On a more “practical” note than usual, I’m going to talk about recurring subscription charges, and what to do with them if someone you know dies. Whenever I’m hired to assist in executor duties for an estate, I get to work looking for these “hidden assets” because chances are the deceased may have “invested” money in some overlooked places that renew automatically.
If these recurring expenses are paid from an open bank account or to a shared credit card, companies will continue to charge those orders. If the account was already closed after the person’s death, the company may also send automatic emails saying they were unable to charge the payment method on file.
Don’t immediately reply that the person is deceased and tell them to remove the account. People often buy multiple things from the same company. Which means there may be other money already paid out that can be refunded to the estate. If you tell them to close the account, you may miss the opportunity for the estate to be paid back.
Refunds are assets.
Once you’re named as an executor or personal representative for the estate and you have a handful of certified Letters Testamentary (that’s what says you have permission to take care of the deceased’s financial matters), and a handful of certified Death Certificates, the rest is easy. Scan both documents separately into your computer so you can easily forward them on when requested.
Now, let’s take a quick look at these commonly overlooked assets and see how to find and reclaim the money for the estate and the beneficiaries:
1: Subscriptions. Most people instantly cancel subscriptions of mailed newspapers, newsletters and magazines when someone dies. But then there’s digital publications, which can cost hundreds if not thousands of dollars annually. Search the deceased’s emails going back at least 18 months for the word “subscription.” Review the last 18 months’ worth of bank statements and credit card statements. Make a list of any charges that could possibly be for subscriptions, which may have been paid annually.
Start with the subscriptions that cost the most and that have been most recently bought or renewed. If you have the deceased person’s login information find their subscriber number. If you don’t know the person’s password and have access to their email, send a password reset so you can get into the account. Double check recurring orders and expiration dates. Then send an email through the company’s “contact us” form for subscribers. Identify yourself and provide your contact info, plus the email address the deceased used when placing the order, the subscription or account number — anything that would be helpful. Notify the company of the person’s death, and what subscriptions the deceased had. State that you’ll be willing to provide your Letters Testamentary and a copy of the Death Certificate and that you’re requesting a refund for this and any other pre-paid subscriptions. Tell them to make payment by check to the name of the estate and give them the mailing address.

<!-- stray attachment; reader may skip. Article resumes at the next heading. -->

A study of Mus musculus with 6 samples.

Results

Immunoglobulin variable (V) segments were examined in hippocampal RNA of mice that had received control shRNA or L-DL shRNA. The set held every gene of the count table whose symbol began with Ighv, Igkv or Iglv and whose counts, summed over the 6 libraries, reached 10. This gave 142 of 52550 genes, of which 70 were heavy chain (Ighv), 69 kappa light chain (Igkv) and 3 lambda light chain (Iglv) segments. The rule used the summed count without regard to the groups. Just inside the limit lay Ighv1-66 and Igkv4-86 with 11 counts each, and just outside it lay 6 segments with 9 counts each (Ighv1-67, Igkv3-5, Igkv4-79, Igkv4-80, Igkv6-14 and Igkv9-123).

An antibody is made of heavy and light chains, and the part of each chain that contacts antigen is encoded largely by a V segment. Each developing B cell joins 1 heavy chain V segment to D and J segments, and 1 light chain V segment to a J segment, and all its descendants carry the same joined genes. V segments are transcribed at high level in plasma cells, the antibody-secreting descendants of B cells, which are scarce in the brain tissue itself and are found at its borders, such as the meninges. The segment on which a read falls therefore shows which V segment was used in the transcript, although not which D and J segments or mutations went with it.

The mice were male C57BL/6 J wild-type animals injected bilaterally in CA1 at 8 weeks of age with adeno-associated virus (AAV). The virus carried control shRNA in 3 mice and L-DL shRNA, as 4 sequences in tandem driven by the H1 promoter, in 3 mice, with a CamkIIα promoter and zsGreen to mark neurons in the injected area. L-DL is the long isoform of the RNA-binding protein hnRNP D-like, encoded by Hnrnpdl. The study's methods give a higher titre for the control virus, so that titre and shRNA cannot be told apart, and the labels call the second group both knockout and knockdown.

Keep watch in your email for responses and promptly reply. Some companies will refund directly via check and others will say they have to refund via the same payment method. That’s all good if the card is jointly held or still open. But if the account has already been closed, reach out to the Public Relations department of the company and request that an exception be made and a check be cut.
2: Prepaid and recurring orders for products, services and donations. These days, most companies give a discount for annual prepayment for monthly or quarterly services. During the lockdowns, many people signed up for on-going deliveries of products or services, like groceries and medications. In today’s digital age, you may likely find recurring monthly or annual charges for digital services, like Microsoft 365, anti-virus software, or website hosting. For local service companies (like the annual furnace maintenance, for example) it may be fastest to call the company first and then fax or email requested documents. For others, you can simply access the deceased’s online accounts using the same method as for subscriptions, and cancel any future recurring orders, letting the company know the subscriber is deceased and requesting a refund for the balance of the annual amount paid.
3: Prepaid supplemental insurance. Many people buy specialty insurance, like cancer insurance and pay an annual premium. Call or write the companies immediately and request a refund for the unused portion of the premium. If you call, they can tell you what additional information they may need to initiate the refund. See if they’ll let you email the information to them. If not, then send a letter with the information they require, plus a copy of the Death Certificate and Letters Testamentary (if needed). And send the letter “certified mail, return receipt requested” which is that funny green card, and a green and white slip that the post office provides.
It’s amazing how quickly a bunch of $150 refunds can add up to significant assets for an estate. And when the refunds are closer to $1500, you’ll quickly see the value in chasing down these hidden assets.